Oregon Treasury will join proxy vote action to demand environmental and safety changes at Massey Energy Action at upcoming annual meeting is example of state’s actions as a responsible shareholder
Oregon State Treasurer Press Release,
SALEM – Oregon will join with other shareholders of Massey Energy on May 18 and withhold votes from the company’s president and two key directors, with the goal of forcing improvements to the company’s safety and environmental practices.
Recent disclosures show that Virginia-based Massey Energy has been a bad actor with regard to its safety and environmental records in connection with its mining operations. The company owns the Upper Big Branch mine in West Virginia where 29 mine workers were killed in a collapse on April 5.
The president and targeted board members sit on the company’s safety and environmental committee. Poor oversight by that committee jeopardized people, the environment and the corporation’s bottom line. The action is the latest effort by Oregon to speak out on issues that affect corporate shareholders and, by extension, Oregon families, workers and retirees.
“We are not satisfied with the record of the management of this company and shareholders can be a powerful voice for change,” said State Treasurer Ted Wheeler. “As a responsible investor, Oregon is standing up for what is right and bringing pressure and forcing action in ways that non-shareholders cannot.”
The Oregon Public Employees Retirement Fund is part of a coalition of nine dissatisfied public institutional investors that are pressing for the ouster of the company officials. The others include public funds in California, New York, Illinois, Pennsylvania and North Carolina.
The Oregon Public Employees Retirement Fund, which had a value of $52 billion as of March 31 and is diversified and invested around the world, includes energy companies. As part of its’ indexing strategy, OPERF is invested in all public companies in the Standard & Poor’s 500 fund, which includes Massey Energy.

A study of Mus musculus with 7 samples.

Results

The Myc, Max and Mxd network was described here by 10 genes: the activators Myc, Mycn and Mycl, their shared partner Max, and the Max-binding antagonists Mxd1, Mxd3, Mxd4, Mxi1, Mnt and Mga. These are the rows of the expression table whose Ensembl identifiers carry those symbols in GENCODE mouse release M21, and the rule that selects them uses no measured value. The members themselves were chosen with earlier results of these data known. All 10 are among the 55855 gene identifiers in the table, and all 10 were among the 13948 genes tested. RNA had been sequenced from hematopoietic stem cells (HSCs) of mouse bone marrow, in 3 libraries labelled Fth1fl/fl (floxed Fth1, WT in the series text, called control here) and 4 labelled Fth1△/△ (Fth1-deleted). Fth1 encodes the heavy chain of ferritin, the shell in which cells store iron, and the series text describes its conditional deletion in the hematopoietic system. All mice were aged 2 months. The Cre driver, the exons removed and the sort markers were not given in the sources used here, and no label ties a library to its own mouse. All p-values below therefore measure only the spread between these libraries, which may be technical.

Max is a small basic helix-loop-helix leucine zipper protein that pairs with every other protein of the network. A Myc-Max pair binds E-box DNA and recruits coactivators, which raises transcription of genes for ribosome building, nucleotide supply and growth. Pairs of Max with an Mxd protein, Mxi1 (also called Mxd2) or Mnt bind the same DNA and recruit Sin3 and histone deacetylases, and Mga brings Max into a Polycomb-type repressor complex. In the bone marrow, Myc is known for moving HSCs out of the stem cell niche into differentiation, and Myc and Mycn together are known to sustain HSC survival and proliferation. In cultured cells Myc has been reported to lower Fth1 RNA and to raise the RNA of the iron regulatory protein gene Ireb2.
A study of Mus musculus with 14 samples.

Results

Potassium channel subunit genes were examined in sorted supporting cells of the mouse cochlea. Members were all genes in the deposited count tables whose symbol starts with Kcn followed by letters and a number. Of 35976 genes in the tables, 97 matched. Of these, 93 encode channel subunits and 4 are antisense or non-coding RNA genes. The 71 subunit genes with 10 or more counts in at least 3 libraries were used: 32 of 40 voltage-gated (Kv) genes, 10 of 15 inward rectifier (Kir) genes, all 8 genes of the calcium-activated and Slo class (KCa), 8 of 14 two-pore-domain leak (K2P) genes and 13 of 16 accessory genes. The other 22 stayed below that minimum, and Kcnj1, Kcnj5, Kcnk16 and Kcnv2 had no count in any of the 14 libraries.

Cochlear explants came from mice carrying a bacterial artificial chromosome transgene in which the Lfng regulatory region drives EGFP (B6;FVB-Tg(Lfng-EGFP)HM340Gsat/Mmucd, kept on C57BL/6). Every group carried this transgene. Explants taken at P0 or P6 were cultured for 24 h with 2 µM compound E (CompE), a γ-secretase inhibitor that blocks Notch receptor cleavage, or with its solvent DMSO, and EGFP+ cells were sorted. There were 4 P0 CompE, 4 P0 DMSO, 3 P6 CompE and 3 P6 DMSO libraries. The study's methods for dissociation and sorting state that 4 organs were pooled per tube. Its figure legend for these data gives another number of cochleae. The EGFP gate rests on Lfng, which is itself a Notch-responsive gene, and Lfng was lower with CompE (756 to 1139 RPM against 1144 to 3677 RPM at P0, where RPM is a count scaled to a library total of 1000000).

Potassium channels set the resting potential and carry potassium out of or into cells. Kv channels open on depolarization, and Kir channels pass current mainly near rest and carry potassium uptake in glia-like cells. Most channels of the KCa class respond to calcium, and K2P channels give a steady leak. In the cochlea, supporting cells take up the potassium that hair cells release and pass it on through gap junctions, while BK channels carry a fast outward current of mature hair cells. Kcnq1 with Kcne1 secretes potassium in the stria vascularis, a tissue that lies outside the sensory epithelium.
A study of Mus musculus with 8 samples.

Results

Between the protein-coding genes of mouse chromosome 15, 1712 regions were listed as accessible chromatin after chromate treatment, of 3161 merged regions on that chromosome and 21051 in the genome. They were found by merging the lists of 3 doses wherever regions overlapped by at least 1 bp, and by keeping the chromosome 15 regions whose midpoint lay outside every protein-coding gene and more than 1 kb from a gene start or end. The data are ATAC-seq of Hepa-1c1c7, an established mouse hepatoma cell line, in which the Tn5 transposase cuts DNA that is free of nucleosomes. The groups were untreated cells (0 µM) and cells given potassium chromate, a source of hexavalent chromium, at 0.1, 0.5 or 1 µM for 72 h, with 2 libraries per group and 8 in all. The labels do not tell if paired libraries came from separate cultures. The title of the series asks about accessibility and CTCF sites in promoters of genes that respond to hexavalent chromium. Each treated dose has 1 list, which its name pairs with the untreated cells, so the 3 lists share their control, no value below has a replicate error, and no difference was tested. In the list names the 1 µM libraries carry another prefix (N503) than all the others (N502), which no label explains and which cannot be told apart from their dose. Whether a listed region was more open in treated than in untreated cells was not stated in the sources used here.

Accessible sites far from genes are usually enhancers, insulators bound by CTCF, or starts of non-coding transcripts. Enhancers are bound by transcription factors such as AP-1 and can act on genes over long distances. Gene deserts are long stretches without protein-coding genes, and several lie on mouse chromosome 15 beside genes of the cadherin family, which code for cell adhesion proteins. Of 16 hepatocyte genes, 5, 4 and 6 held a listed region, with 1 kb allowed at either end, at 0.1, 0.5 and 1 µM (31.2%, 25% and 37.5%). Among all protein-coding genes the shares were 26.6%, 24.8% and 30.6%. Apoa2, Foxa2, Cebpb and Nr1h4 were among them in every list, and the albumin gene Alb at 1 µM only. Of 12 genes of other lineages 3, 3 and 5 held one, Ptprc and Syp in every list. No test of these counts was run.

However, the State Treasury, which oversees the state’s portfolio, is not satisfied with the performance and safety record of this particular holding. Proxy votes can be a powerful tool to force change and make companies more accountable to shareholders. In 2009, Oregon helped force management changes at Bank of America by joining in a proxy vote.
Massey’s poor safety record has affected shareholders. Massey Energy shares have lost 30 percent in value since the start of April. The company predicts it will see second-quarter losses of between $80 million and $150 million for costs related to the explosion, including employee benefits and mine damage.
Improvements in safety, environmental efforts and better corporate responsibility will benefit employees and the ecosystem, and also could renew investor confidence and translate into better market performance.
The Oregon Investment Council oversees the asset mix and principles for Oregon’s investment portfolio, and has approved the state’s proxy voting policy. Oregon’s votes will be cast by Glass Lewis & Co., which serves as proxy agent and makes recommendations about how to cast votes.
Proxy votes are one way that Oregon is demanding more accountability from Wall Street and corporations. The Treasury also files lawsuits against companies that have failed to act in Oregon’s best financial interests, and Treasurer Wheeler is pushing for reforms in Congress.
The Oregon State Treasury protects public assets and saves Oregonians money through its investment, banking, and debt management functions. The office also promotes public outreach and education to help Oregonians learn strategies to save money, invest for college and make smart financial choices.